Dillon’s coverage limits Jakeem Grant to 8-yard receiving day

Texas Tech’s Jakeem Grant spins away from the West Virginia defense for a 10-yard touchdown, but he lost 2 yards on his other four catches while being tightly covered by safety K.J. Dillon.


MORGANTOWN, W.Va. — As Friday night bled into Saturday morning, K.J. Dillon stayed up watching the dazzling clips of Texas Tech jitterbug Jakeem Grant.

“No. 11, he was so good. Everything about him was explosive,” said the West Virginia safety, who ultimately decided the the key to guarding Grant was guarding against psyching himself out with so much film study.

“I just knew I didn’t have to go out there and be Superman. I just had to do enough, because I knew the other 10 guys were going to do enough.”

While Grant caught a 10-yard touchdown in the first half—benefiting from quarterback Pat Mahomes extending the play for several seconds—Dillon otherwise hounded the Raiders’ top receiver. Grant netted only minus-2 on four other receptions and finished with a season-worst 8 yards receiving, about 95 below his per-game average.

“He’s a great athlete and I told him that,” said Dillon, who also told Grant that the scoring play “was sort of B.S.” because the secondary was put in disarray by Mahomes’ scramble.

“I just knew I had to play him different than I play anybody else,” said Dillon, who waved off some of the bracketed coverage as the game wore on. “He’s definitely one of the hardest receivers I had to guard all year.”

O-line shuffle: Marquis Lucas compared his flip from right to left tackle as “kind of like walking backward.” Opposite hand placement, opposite plant foot, opposite everything, and Lucas had only a few practices to acclimate as West Virginia sought a new plan to replace the injured Yodny Cajuste (foot).

So Lucas swapped sides and sophomore Marcell Lazard stepped in at right tackle, allowing Adam Pankey to return to his best position at left guard.

Against an ever-vulnerable Texas Tech defense, the moves paid off with 300 rushing yards.

“Couldn’t have done that without Marcell stepping up,” Holgorsen said. “So proud of him. He looked at me before the game and said ‘I’m going to earn your respect today.’ I was happy with his attitude and mentality and the way he approached it. I loved his demeanor.”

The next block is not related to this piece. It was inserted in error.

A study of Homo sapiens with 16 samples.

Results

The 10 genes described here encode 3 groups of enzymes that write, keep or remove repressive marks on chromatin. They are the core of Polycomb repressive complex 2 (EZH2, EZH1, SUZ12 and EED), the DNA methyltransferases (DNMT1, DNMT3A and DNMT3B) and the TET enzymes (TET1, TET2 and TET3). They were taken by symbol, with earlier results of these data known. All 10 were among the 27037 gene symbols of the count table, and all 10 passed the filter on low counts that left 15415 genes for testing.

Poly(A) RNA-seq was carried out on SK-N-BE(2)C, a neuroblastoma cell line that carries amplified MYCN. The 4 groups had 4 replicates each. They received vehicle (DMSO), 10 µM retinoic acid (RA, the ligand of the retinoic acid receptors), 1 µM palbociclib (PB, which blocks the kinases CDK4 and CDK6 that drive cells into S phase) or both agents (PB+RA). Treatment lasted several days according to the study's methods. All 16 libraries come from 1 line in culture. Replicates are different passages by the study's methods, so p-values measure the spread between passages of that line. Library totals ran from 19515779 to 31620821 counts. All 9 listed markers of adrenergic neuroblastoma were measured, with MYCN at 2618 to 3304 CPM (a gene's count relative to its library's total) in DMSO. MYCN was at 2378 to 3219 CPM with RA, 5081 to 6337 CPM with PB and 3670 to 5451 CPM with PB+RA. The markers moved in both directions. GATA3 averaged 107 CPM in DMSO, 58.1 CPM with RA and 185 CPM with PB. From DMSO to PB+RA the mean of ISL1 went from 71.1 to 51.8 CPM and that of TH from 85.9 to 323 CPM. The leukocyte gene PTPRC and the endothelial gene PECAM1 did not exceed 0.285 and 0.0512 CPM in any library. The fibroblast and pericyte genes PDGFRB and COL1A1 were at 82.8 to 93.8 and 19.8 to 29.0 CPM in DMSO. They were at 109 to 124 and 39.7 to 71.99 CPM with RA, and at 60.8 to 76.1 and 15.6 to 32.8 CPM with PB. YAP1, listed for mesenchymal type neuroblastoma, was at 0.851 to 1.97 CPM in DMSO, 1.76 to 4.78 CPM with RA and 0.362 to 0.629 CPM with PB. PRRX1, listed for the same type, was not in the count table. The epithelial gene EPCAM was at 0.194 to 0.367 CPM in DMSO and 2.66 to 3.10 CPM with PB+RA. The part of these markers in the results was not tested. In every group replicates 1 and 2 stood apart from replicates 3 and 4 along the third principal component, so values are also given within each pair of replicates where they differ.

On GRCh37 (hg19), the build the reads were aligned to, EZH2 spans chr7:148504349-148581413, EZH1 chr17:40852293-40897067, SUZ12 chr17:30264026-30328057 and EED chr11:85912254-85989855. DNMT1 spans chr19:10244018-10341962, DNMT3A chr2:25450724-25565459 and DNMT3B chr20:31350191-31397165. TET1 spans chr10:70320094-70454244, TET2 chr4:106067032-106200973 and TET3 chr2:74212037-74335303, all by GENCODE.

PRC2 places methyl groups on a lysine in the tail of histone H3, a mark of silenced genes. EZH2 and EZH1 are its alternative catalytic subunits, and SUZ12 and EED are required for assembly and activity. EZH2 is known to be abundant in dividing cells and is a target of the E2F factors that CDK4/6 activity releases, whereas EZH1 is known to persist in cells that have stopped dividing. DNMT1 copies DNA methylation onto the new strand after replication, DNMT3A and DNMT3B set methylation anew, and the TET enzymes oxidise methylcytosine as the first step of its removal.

Tech’s untimely late flag: On its way to melting the final 6:47, West Virginia almost had to convert a third-and-long. Almost.

Then, several counts after Rushel Shell was tackled for a loss on a swing pass (recovering his own fumble in the process), came the most inexplicable penalty of the day— a two-handed shove by defensive lineman Branden Jackson. It occurred right in front of an official.

What got into Jackson? Turns out Shell did.

“I was chattering to him a little bit, so I kind of initiated it,” said Shell, who played his high school ball in Hopewell, Pa., not far from Jackson at McKeesport. “He’s from my area, and I knew a lot about his school and I said some stuff that he didn’t really like.

“I knew I had to do something because I just fumbled the ball and I knew I was getting took out. Then when he pushed me, I’m like, “Alright I can get out on that.’”

Shell ran off the field cackling as refs awarded WVU a crucial first down. Jackson also was removed, his error looming larger as it became apparent Texas Tech would not regain possession.

“Just a selfish play by a senior who we needed to step up,” said Red Raiders coach Kliff Kingsbury. “It was a bad mistake by him.”

Freshman defender: Despite the loss, it was a momentous day for Texas Tech freshman Breiden Fehoko.

His first career sack forced West Virginia to try a field goal that Josh Lambert missed. Then came his first interception, a diving grab off a deflection that set up Tech’s offense inside the Mountaineers’ 20.